2013/07/25 10:31

*** TOPIC OF THE WEEK (Part 2)

N. Korean Female Footballers in Seoul amid Strained Inter-Korean Relations

SEOUL (Yonhap) -- North Korean female football players flew to Seoul on July 18 to participate in an international competition here amid strained relations between Seoul and Pyongyang. The North's team, comprised of 18 officials and 21 players, arrived at Incheon International Airport from Beijing at 10:53 p.m. to compete in the Women's East Asian Cup scheduled for July 20-27.

The women's football team is the first North Korean team to visit South Korea in more than four years. The last time any North Korean sports team played in South Korea was on April 1, 2009 when the two Koreas clashed in Seoul for an Asian qualifier for the 2010 FIFA World Cup. South Korea prevailed 1-0.

In March 2008, 17 North Korean wrestlers traveled to the South's Jeju Island for the Asian championships, which also served as the continental qualification for the Beijing Olympics.

The North Korean women's football team is here for the first time in eight years since the 2005 East Asian Cup.

The North Korean participation has added a political dimension to the tournament. The two Koreas have been trying to reduce tensions on the divided peninsula, as officials have engaged in talks aimed at reopening a joint industrial complex north of the border that has remained closed since April.

At a pre-tournament news conference in Seoul on July 19, however, Kim Kwang-ung, an assistant coach for the North, refused to answer questions about inter-Korean ties. Earlier, Kim was asked if he felt his team's participation would help promote sports exchanges between the Koreas. The coach said it was "difficult" for him to answer the question and also said the players are only here to play football.

In the South-North showdown at the Seoul World Cup Stadium on July 21, the North Koreans came from behind to beat their Southern rivals 2-1. The North's state media reported the victory in an unusually swift manner. The (North) Korean Central News Agency reported the news at 8:55 p.m., less than an hour after the closing whistle.

Radio Pyongyang and the (North) Korean Central TV Broadcasting Station, which airs TV programs nationwide, followed the news agency. It was very unusual that North Korean media reported the results of a sports event held in foreign countries so swiftly.

The Central TV, in particular, briefly suspended regular programs to report the game results for one minute from 10:15 p.m., airing highlights of the game. The North Koreans will face Japan on July 25 and China on July 27.

The North Korean participation was realized as the South Korean government approved on July 5 the participation by the North Korean team in the tournament which was organized by the East Asian Football Federation (EAFF).

The move comes as the two Koreas are trying to ease tensions on their divided peninsula. Officials of both sides held a rare meeting on July 6 to discuss a joint industrial complex in the North's border city of Kaesong that has remained shut down for nearly three months. The Koreas remain technically at war since the 1950-53 Korean War ended in an armistice, not a peace treaty. Inter-Korean tensions reached their peak when North Korea conducted its third nuclear test in defiance of international warnings in February this year.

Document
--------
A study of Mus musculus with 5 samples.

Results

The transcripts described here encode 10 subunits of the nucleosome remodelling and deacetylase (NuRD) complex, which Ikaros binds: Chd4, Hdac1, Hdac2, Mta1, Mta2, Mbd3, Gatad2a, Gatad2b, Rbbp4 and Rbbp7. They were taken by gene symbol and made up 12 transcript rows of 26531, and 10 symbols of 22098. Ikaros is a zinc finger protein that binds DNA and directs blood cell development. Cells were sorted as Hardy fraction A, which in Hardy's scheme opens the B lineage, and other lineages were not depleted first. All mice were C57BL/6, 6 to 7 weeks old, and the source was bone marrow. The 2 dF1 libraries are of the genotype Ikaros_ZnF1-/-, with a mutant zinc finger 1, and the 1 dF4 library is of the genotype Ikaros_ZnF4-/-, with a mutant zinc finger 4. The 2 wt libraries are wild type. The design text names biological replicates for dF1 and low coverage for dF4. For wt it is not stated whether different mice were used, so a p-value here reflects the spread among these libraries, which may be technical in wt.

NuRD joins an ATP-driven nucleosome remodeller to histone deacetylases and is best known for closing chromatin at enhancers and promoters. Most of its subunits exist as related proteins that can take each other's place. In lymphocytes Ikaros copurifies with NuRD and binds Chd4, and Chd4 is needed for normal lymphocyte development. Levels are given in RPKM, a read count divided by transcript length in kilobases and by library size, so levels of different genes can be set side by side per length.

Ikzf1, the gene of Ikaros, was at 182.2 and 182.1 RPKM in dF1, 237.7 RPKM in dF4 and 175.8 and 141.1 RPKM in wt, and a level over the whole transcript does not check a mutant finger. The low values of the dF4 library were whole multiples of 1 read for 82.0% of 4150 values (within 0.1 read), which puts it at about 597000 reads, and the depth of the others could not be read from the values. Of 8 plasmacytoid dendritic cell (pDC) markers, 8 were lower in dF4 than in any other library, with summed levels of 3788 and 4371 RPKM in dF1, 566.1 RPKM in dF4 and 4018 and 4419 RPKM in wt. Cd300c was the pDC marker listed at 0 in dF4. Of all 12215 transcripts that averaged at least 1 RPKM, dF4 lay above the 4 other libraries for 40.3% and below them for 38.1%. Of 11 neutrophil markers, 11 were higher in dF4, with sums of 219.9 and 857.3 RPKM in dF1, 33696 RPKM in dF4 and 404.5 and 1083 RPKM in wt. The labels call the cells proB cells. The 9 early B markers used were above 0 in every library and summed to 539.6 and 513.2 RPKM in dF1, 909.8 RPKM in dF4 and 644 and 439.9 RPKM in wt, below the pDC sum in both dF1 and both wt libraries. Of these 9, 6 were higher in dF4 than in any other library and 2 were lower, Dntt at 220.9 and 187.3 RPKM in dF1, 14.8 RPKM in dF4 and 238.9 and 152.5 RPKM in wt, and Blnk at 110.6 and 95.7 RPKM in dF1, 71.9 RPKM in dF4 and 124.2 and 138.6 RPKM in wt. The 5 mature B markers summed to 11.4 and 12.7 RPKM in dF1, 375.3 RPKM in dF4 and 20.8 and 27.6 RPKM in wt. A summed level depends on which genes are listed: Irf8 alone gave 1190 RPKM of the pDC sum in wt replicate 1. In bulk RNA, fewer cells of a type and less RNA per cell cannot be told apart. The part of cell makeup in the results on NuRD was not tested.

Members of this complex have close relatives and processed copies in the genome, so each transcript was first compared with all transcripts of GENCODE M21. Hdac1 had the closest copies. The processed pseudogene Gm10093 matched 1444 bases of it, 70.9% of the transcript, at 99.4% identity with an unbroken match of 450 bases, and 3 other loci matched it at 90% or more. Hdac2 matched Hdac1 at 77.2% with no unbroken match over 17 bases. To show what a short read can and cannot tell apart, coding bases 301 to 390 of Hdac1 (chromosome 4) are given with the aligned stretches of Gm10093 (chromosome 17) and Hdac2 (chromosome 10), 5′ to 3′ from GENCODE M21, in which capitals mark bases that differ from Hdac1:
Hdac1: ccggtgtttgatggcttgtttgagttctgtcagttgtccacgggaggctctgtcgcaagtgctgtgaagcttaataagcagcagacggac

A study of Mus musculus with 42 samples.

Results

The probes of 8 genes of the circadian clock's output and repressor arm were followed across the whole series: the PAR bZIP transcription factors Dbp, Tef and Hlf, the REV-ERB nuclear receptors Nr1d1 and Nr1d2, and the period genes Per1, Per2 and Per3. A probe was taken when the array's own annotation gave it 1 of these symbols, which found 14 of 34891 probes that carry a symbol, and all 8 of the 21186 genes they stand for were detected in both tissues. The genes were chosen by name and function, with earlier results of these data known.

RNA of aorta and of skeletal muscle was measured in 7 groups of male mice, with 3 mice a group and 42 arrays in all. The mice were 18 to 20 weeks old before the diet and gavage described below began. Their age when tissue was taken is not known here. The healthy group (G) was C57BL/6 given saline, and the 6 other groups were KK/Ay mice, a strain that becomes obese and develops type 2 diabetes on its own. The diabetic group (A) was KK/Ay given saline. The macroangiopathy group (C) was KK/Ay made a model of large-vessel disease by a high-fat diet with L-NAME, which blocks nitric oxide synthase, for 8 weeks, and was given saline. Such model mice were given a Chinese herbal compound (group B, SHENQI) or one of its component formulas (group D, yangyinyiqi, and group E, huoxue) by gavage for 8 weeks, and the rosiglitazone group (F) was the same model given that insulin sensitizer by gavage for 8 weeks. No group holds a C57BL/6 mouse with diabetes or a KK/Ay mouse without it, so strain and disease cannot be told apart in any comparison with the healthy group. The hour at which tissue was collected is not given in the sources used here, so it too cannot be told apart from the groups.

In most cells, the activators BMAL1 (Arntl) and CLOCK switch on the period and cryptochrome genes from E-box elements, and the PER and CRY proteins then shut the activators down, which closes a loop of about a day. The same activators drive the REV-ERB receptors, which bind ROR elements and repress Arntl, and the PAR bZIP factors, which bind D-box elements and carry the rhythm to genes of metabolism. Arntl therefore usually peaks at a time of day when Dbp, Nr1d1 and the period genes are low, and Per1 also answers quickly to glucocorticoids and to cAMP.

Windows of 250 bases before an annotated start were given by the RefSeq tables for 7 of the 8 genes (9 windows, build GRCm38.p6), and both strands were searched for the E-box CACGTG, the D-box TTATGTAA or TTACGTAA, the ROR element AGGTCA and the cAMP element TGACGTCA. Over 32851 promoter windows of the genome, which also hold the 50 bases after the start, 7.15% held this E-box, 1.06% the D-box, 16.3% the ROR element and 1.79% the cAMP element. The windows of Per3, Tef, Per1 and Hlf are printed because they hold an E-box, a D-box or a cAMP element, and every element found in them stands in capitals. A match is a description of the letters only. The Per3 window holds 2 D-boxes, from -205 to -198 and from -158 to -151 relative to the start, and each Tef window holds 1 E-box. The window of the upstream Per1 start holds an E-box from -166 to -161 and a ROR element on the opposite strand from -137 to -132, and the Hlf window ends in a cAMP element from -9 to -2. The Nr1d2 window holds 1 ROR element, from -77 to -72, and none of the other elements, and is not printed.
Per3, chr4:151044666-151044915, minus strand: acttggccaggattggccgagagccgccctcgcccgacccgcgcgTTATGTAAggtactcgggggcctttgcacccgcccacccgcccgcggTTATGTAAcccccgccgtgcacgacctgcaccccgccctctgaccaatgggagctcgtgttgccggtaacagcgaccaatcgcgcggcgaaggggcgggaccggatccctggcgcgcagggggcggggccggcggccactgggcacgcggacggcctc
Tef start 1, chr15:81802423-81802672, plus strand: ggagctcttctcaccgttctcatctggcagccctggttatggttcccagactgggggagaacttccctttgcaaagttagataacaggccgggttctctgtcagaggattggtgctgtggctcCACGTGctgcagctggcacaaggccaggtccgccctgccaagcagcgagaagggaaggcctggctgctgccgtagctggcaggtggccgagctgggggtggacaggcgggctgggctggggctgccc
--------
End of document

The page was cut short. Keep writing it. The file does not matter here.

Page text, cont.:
A South Korean government spokesman said they allowed the North Korean team's participation, as the competition is an international sports event and it is a non-political issue.

The government also allowed the entry of a cheering group from Japan composed of 33 Koreans living in the country holding North Korean nationality to root for the North Korean women's team. As a legacy of Japan's colonization of the Korean Peninsula in the early 20th century, about 600,000 Koreans are living in Japan as aliens either with South Korean or North Korean nationality. The cheering squad supported the North Korean female team during its games with South Korea, Japan and China.

A (South) Korea Football Association (KFA) official said in late June that North Korea appeared to be trying to live up to its obligations as an EAFF member state and also seeks to improve inter-Korean ties through sports.

The two Koreas have competed as a single nation at the 1991 World Table Tennis Championships and also at the 1991 FIFA World Youth Championship, a tournament now called the FIFA U-20 World Cup. However, they have never competed as one or have formed unified teams for individual events at the Olympics, Asian Games or the Universiade.

South Korea is trying to change that. With the help of the United Nations, officials in Gwangju, 330 kilometers south of Seoul, have been trying to field joint Korean teams for at least a couple of events for the Summer Universiade to be held there in 2015.

The two Koreas have marched together under one flag at opening ceremonies for several multi-sport competitions but not done so since the 2007 Asian Winter Games in Changchun, China.